Damien Venuto: Why the supposed war on barbecues was irresistibly seductive
The hallowed Kiwi barbecue was placed on extinction watch this month, with reports that climate scientists had identified it as an enemy that had to be vanquished.
The claim was first published by Radio NZ, then replicated in other media.
It soon became a talking point on social media, and a rallying cry for those who were already fearful of having their combustion engines ripped from beneath the hoods of their cars.
Repeated, it became the key takeaway from a report by the Climate Change Commission – even though it was never in the report at all.
By the time corrections were tagged to the bottom of those stories, explaining that the report was actually referring to bottled LPG in the context of heating systems and cooking in buildings, the powerful symbol of the barbecue had already taken on a life of its own.
The truth no longer mattered as much as the idea, made concrete through the power of repetition.
Welcome to what psychologists call the illusory truth effect.
Do you think the Great Wall is visible from space? That the toilet flush rotates the other way in the Northern Hemisphere? Have you heard that Albert Einstein failed at mathematics? Or that sherry keeps you warm on a cold night?
The enduring appeal of these false statements comes down to how often they’ve been repeated and shared innocently among friends.
Numerous studies since the illusory truth effect was first identified at a pair of US universities in 1977 have shown that our psyche has a glitch that makes us more likely to accept statements as factual when they are repeated over and over again.
That tendency is accentuated when we hear those statements from people we trust or respect. Every additional time we hear the claim, it just becomes easier for the mind to accept it as truthful.
Politicians and advertisers are the true masters of this art form.
There’s a reason that you see the same advertisement interrupting your favourite TV show night after night. Or why politicians will harp on about a particular weakness in their opponent for months on end. If you say something enough, people eventually become more inclined to believe it.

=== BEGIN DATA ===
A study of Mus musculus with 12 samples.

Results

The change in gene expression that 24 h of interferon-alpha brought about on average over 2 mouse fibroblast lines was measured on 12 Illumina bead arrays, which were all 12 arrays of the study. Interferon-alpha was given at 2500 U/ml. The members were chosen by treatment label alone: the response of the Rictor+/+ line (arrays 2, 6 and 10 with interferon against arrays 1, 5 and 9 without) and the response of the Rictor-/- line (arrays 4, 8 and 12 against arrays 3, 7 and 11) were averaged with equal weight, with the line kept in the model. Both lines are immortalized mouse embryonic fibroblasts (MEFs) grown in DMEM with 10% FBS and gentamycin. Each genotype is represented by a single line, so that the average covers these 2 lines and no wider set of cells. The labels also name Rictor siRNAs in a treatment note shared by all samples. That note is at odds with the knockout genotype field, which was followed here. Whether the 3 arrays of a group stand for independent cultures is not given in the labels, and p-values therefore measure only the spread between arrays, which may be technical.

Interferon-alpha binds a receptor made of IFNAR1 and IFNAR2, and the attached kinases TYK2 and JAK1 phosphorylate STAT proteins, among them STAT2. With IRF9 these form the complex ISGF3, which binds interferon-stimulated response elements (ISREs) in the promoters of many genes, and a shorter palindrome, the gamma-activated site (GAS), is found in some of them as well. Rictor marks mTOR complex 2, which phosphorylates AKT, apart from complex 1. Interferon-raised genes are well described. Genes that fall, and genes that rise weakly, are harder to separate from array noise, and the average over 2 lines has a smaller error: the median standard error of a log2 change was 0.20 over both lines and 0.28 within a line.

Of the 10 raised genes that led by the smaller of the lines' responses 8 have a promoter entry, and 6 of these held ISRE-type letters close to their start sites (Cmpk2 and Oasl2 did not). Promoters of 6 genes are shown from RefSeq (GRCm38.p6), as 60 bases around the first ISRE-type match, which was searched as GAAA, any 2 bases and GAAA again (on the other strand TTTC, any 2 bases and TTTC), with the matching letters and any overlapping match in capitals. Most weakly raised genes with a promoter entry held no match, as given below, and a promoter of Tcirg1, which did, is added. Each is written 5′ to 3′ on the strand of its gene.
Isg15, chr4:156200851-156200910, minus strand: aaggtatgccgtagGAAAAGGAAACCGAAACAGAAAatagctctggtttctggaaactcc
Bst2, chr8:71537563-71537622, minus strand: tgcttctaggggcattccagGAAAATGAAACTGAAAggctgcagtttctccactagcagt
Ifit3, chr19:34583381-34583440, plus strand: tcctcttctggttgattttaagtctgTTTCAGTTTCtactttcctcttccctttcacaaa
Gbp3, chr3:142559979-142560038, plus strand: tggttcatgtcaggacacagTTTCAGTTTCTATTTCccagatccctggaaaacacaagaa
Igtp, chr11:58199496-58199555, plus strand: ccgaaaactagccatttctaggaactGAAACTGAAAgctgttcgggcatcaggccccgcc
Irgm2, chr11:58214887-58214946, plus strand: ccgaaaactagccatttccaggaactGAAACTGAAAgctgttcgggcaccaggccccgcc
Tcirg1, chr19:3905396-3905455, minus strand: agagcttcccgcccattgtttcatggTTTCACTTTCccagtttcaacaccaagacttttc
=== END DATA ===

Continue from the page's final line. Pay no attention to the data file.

One of the best examples can be seen in the 20th Century history of oranges.
The idea of the citrus fruit as a vitamin C elixir has its root in early 1900s advertising efforts from the US-based National Fruit Growers Exchange, which under the Sunkist brand encouraged people to gulp down orange juice to ward off illness.
The line about vitamin C in oranges was ramped up during the Spanish Influenza pandemic of 1918, then repeated over following decades. By the time World War II rolled around, orange producers had the playbook sorted and neatly segued into claims about vitamin C – and oranges in particular – helping to ward off scurvy.
It was all just part of a long-running ploy to sell more oranges.
A quick Google search will tell you that guava, kiwifruit, capsicum and strawberries all have far more vitamin C than oranges.
Amid the current climate of fear about infectious disease, we’re again seeing a revitalisation of the inflated claim that vitamin C can keep you healthy – despite studies showing that taking a supplement has no impact on fighting even a simple cold.
Fear is a potent motivator when it comes to our willingness to accept information, especially if it offers a solution.
Controlling that fear – or sometimes fabricating it entirely – is another powerful tool in the propagandist’s arsenal.
Take the example of “halitosis”, a word commandeered by mouthwash brand Listerine to make bad breath seem like a legitimate medical condition demanding extreme treatment.
This move allowed a product that lacked identity, and was earlier used as a foot scrub and treatment for gonorrhoea, to move into a highly lucrative niche that simply didn’t exist before.
Today, the entire personal care aisle in the supermarket is built on fears that have been carefully cultivated and nurtured in advertising.
Herein lies the other real power of the barbecue line that spread so rapidly. It tapped into the fear of a changing world that threatens to disrupt even our humble Saturday traditions. And once that fear collided with social media replication, there was no stopping it.